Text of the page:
A new cultural hub celebrating Jewish life and culture will be built in Elsternwick, under ambitious plans revealed by a number of Melbourne’s key Jewish institutions.
The Jewish Arts Quarter will be centred around a new eight-storey building at 7 Selwyn Street designed by Melbourne’s Mclldowie Partners that will bring together the Jewish Museum of Australia and the Kadimah Jewish Cultural Centre and National Library, along with performing arts and co-working spaces.
The building will be woven into an existing precinct that includes the Jewish Holocaust Centre, Sholem Aleichem College and Classic Cinemas, and will “shine as a beacon” to the Australian Jewish experience and to social connection and cohesion in Melbourne.
“The ability to rejoice in the widest range of arts and culture will encourage everyone that visits the quarter to appreciate and gain a better understanding of what we can offer – especially as we emerge from these challenging times,” said Barry Fradkin, president of the Jewish Museum of Australia: Gandel Centre of Judaica.
Mclldowie Partners’ design for the eight-storey Jewish Arts Quarter building is defined by a deliberate division between podium and tower, with the podium housing the museum and co-working spaces occupying the tower.
“The podium aims to respond to the existing rhythm of Selwyn Street by sitting in direct alignment with its neighbours, particularly the Jewish Holocaust Centre to the north,” the architects state in a design report.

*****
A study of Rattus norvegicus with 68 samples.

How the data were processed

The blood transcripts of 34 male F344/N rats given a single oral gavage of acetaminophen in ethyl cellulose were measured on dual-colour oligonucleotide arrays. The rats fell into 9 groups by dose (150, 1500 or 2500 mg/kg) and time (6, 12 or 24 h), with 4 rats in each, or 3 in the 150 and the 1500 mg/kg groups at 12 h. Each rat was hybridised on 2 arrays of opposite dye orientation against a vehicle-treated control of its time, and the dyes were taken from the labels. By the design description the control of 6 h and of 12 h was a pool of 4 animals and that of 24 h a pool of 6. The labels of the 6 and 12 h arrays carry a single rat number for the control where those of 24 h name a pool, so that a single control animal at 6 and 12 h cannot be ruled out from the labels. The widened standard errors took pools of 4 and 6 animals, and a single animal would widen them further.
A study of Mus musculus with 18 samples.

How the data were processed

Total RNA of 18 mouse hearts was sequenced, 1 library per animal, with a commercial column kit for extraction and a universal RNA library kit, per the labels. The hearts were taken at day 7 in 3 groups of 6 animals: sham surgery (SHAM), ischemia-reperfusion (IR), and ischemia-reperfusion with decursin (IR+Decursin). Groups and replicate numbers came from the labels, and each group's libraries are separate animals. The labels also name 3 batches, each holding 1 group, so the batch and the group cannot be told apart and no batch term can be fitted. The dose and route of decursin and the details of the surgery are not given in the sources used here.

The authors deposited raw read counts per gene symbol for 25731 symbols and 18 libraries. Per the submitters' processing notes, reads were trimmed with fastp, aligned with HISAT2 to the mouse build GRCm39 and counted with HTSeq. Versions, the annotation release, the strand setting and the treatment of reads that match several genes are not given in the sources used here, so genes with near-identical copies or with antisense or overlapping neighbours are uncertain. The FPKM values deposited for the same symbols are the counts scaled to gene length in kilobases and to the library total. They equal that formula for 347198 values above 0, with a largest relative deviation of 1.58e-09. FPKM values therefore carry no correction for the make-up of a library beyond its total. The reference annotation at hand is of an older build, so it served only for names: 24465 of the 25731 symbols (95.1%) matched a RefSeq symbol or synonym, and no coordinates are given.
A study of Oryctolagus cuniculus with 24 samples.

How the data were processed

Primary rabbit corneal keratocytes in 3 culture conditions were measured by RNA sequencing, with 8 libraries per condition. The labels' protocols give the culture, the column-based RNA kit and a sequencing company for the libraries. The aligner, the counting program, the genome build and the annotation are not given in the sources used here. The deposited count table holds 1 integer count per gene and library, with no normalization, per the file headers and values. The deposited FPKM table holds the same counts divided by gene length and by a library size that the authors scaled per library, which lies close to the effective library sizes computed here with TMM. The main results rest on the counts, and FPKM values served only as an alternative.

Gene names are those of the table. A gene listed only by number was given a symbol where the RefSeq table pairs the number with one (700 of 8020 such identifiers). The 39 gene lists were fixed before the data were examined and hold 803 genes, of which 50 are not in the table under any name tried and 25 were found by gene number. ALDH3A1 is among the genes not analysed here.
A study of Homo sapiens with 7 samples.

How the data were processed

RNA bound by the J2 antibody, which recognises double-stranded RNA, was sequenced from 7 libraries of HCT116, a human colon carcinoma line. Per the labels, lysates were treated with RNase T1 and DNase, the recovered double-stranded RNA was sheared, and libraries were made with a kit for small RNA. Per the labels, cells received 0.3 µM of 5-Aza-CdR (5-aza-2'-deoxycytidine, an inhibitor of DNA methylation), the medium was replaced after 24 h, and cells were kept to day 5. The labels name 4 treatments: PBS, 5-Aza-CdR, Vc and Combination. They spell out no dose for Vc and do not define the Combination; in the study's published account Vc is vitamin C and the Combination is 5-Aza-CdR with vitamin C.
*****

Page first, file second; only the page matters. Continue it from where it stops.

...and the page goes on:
“The design draws on horizontal references from both the Holocaust Museum and Classic Cinema which breaks down the facade so that it responds intimately with the human scale of the street.”
“The highly textured concrete of the podium has a material richness and patina that reflect the passing of time. A series of curved panels peel away from the facade, a playful invitation to the museum beyond, akin to opening the pages of a book or the calligraphic quality of Jewish written language.”
Along with permanent and temporary exhibition spaces for the museum, the podium will house learning spaces for school groups, adult education classes and public programs, a museum shop and a café serving contemporary Jewish cuisine at ground level.
In the basement, a multipurpose performing arts venue will accommodate up to 300 for theatre, dance, music and comedy performances along with lectures and other community uses.
The tower, setback from the street and the neighbouring apartment building, has its top corners lifted, “as if peeled to match the sculptural quality of the podium below.”
It is fully glazed to the east to provide natural light to the office spaces, and clad in a veiled metal screen on its other facades. “The design expresses, in its facade, the building’s civic and cultural value, whilst considering its immediate and broader context,” state the architects.
Though the project is yet to go before council, it is supported in principle by the Victorian government and the Glen Eira City Council.
“The Jewish Arts Quarter offers a wonderful opportunity for the wider community to come together – regardless of race or religion – to celebrate the rich Jewish culture that is so much a part of Elsternwick and Glen Eira,” said mayor Margaret Esakoff. “It will provide a welcoming space for everyone to celebrate Jewish life, culture, food, arts and music.”